Horizontal Stabilizer Initial Assembly

I put in another solid day today on the horizontal stabilizer.

I started out by building some cradles to hold the stabilizer. The plans call for making cradles out of plywood but I went with a simpler approach that would also allow me to move the assembly from side to side during riveting (idea from the Plane Lady and Jason Ellis YouTube channels). I ended up adding a 24 inch long plywood strip to the bases of each of these later to allow me to easily clamp them along the sides of my 24″ wide tables.

Next up was match drilling the inboard nose ribs to the front spar assembly which adds two additional holes to each rib. The remaining nose ribs were then clecoed to the front spar assembly and all common holes were final drilled with a #30 reamer.

I then fluted and deburred the HS-904 inspar ribs and clecoed all of the ribs to the front spar assembly. All holes common to the ribs and the front spar web were then final drilled with a #30 reamer.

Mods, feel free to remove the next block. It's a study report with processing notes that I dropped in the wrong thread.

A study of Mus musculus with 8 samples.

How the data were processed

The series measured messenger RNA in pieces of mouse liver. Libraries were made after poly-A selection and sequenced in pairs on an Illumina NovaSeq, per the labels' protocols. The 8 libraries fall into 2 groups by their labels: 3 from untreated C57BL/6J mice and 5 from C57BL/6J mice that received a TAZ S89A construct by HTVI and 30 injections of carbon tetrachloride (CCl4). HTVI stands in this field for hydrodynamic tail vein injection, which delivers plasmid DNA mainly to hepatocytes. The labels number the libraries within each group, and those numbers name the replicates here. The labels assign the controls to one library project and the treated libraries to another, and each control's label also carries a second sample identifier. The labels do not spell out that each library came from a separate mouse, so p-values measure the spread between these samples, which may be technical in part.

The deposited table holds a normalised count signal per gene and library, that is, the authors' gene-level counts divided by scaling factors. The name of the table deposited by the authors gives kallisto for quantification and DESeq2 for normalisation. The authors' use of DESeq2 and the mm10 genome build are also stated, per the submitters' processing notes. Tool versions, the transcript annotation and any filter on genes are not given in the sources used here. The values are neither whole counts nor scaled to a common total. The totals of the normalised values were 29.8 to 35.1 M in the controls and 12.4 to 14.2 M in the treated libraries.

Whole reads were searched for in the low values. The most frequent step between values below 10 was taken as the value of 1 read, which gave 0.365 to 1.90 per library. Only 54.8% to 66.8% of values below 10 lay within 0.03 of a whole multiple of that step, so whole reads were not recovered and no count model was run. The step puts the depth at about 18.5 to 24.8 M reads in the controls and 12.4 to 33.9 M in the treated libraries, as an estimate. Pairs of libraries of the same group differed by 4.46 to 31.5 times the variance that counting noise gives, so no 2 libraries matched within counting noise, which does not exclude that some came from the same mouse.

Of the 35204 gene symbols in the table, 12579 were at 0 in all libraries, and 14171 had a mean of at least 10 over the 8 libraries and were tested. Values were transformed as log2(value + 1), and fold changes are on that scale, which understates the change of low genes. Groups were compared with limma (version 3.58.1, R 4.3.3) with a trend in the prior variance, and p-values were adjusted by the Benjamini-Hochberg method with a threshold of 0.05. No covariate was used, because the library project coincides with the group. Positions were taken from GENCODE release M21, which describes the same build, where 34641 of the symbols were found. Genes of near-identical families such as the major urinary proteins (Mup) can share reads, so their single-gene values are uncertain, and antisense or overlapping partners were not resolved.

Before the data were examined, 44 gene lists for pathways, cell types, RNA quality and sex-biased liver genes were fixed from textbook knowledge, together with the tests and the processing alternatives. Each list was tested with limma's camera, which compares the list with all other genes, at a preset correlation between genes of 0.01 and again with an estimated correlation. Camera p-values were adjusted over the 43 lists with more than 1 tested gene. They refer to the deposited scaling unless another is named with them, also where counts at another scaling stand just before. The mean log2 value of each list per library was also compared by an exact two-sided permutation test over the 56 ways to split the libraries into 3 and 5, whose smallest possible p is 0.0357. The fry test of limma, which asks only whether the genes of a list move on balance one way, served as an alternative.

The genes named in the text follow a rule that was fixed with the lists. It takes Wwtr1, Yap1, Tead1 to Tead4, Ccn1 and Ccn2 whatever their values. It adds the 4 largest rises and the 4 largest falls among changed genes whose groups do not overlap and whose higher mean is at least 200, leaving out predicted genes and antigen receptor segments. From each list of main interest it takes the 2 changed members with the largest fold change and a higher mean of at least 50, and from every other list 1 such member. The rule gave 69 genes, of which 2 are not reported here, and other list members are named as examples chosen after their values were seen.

All parts were then marked. I labeled the ribs L and R with numbering starting from the outside. I’ll keep track of these during priming and rewrite the numbers on the flanges as I flip them during priming,.

Next up was getting out the ladder to get the skins down from my overhead storage. I removed the interior blueing and kept the exterior protection in place for now.

I then deburred the edges of the skins with a vixen file and propped them up in the cradles.

The nose ribs were then transferred one by one from the front spar assembly into the skins and clecoed into place. This was followed by the front spar assembly and the inspar ribs.

After adding lots of clecos I then assembled and final sized the matching holes of the stringer assemblies and clecoed these into the larger assembly.

The stringer web was then clecoed to the stringers and the inspar ribs and final drilled. I used an angle drill here to get into the tight space.

I then added clecos to roughly every second hole and called it a night.

It feels great to make this amount of progress in a couple of days. The scale of the project is starting to become more apparent with the size of this assembly.. this is a big airplane.

Next up is final drilling all of the skin holes before taking everything apart to deburr, dimple, countersink, and prime.